LOVE POEMS: BOOK REVIEW
Want to relive falling in love for the first time?
Love Poems written by Nikki Giovanni creates an aura of romance so strong that it leaves you with a warm fuzzy feeling lasting for days. She presents love to her readers in the most simple, and also most unconventional ways. These poems can be cheesy, oftentimes making your face feel hot. They’re also very elaborate and stylistically complex, outside of the box.
I first read Giovanni’s work when I was 15. I recall my mother taking me to a library outside of our city where the collection of books was large and diverse. She applied for a new library card as I scrambled around to find books. Making my way into the poetry section, I stumbled upon My House and quickly snatched it off the bookshelf. On our drive to downtown Royal Oak, Michigan, I flipped through the pages and learned the power of poetry. We sat and ate ice cream, but all I could focus on were Giovanni's hypnotic words.
She was my entryway into the genre. Her verses mesmerized me then and still do now.
Love Poems is split into three different parts. From the very first page, readers are introduced by an extremely beautiful, hopeful poem that sets a precedent for the entire book. I remember reading its lines and feeling every word right inside of my heart. I had to put the book down for a second to recollect myself and reflect before moving on. It felt as if Giovanni reached into my soul that very moment and splattered my feelings onto the page.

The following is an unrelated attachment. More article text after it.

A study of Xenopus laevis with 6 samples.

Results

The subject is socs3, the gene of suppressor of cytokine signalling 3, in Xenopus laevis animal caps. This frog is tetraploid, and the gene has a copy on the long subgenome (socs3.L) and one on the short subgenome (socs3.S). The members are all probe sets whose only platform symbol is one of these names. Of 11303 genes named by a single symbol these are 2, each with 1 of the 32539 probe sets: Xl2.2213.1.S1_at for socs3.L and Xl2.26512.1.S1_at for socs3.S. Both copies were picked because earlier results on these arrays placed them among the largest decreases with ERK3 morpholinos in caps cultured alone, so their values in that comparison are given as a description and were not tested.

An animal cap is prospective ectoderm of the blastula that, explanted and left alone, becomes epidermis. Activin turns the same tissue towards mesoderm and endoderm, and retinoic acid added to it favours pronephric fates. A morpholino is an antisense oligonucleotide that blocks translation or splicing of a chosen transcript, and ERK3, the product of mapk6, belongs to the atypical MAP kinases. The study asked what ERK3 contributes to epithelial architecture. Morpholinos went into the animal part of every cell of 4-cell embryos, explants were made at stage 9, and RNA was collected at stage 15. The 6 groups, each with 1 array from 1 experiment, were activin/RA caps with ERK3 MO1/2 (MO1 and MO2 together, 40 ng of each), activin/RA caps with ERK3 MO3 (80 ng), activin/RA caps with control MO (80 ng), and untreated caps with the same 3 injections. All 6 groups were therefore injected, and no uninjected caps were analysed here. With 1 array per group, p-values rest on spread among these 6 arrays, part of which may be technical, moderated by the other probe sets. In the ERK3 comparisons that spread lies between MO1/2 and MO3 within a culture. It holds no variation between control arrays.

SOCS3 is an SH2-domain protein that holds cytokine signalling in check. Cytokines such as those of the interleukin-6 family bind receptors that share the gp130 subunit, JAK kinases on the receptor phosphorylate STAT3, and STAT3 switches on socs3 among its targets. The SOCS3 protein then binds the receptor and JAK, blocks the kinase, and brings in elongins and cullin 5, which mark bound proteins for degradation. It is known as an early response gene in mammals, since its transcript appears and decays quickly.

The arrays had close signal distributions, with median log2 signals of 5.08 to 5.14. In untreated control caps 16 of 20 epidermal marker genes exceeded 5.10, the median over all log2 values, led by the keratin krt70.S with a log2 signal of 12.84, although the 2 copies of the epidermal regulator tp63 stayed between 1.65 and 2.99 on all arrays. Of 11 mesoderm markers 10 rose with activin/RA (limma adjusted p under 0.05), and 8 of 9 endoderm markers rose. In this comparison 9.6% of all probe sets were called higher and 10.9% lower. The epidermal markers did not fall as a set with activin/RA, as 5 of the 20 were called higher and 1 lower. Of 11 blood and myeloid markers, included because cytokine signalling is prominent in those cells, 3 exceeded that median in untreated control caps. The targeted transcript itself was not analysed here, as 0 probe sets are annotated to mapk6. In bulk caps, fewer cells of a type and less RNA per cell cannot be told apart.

She captures the feeling of being in love so perfectly.
Each poem has a personality of its own. Every poem is a new person with a new perspective, a different way of thinking about love. There are so many quirks and unique features to people just as there are to poems; Giovanni personifies love so well. She proves its beauty even through not-so-pretty things:
“ever been kidnapped
by a poet
if i were a poet
i’d kidnap you
put you in my phrases and meter
you to jones beach
or maybe coney island
or maybe just to my house
lyric you in lilacs
dash you in the rain”
Giovanni does not spend any time discussing the perils of love. She does, however, reflect on the love of a friend, which she fails to return. She points out nuances in relationships. She shares with us the love for her mother, for Langston Hughes, and Tupac Shakur. The love for activism and community. She is very specific at identifying that love, its immense power outweighing any negatives we may associate with it.
Her philosophy and perspective are deep. Her use of literary elements is extensive. Giovanni’s work is chicken soup for the soul, but also acts as lessons for the aspiring poet. There is so much to absorb from every single one of her stanzas. There are multiple layers to each individual poem. Giovanni’s approach is versatile, explaining love in all of our languages. She gives us many opportunities to relate to our perspectives but also gifts us with chances to learn more about the different quirks of love we tend to overlook.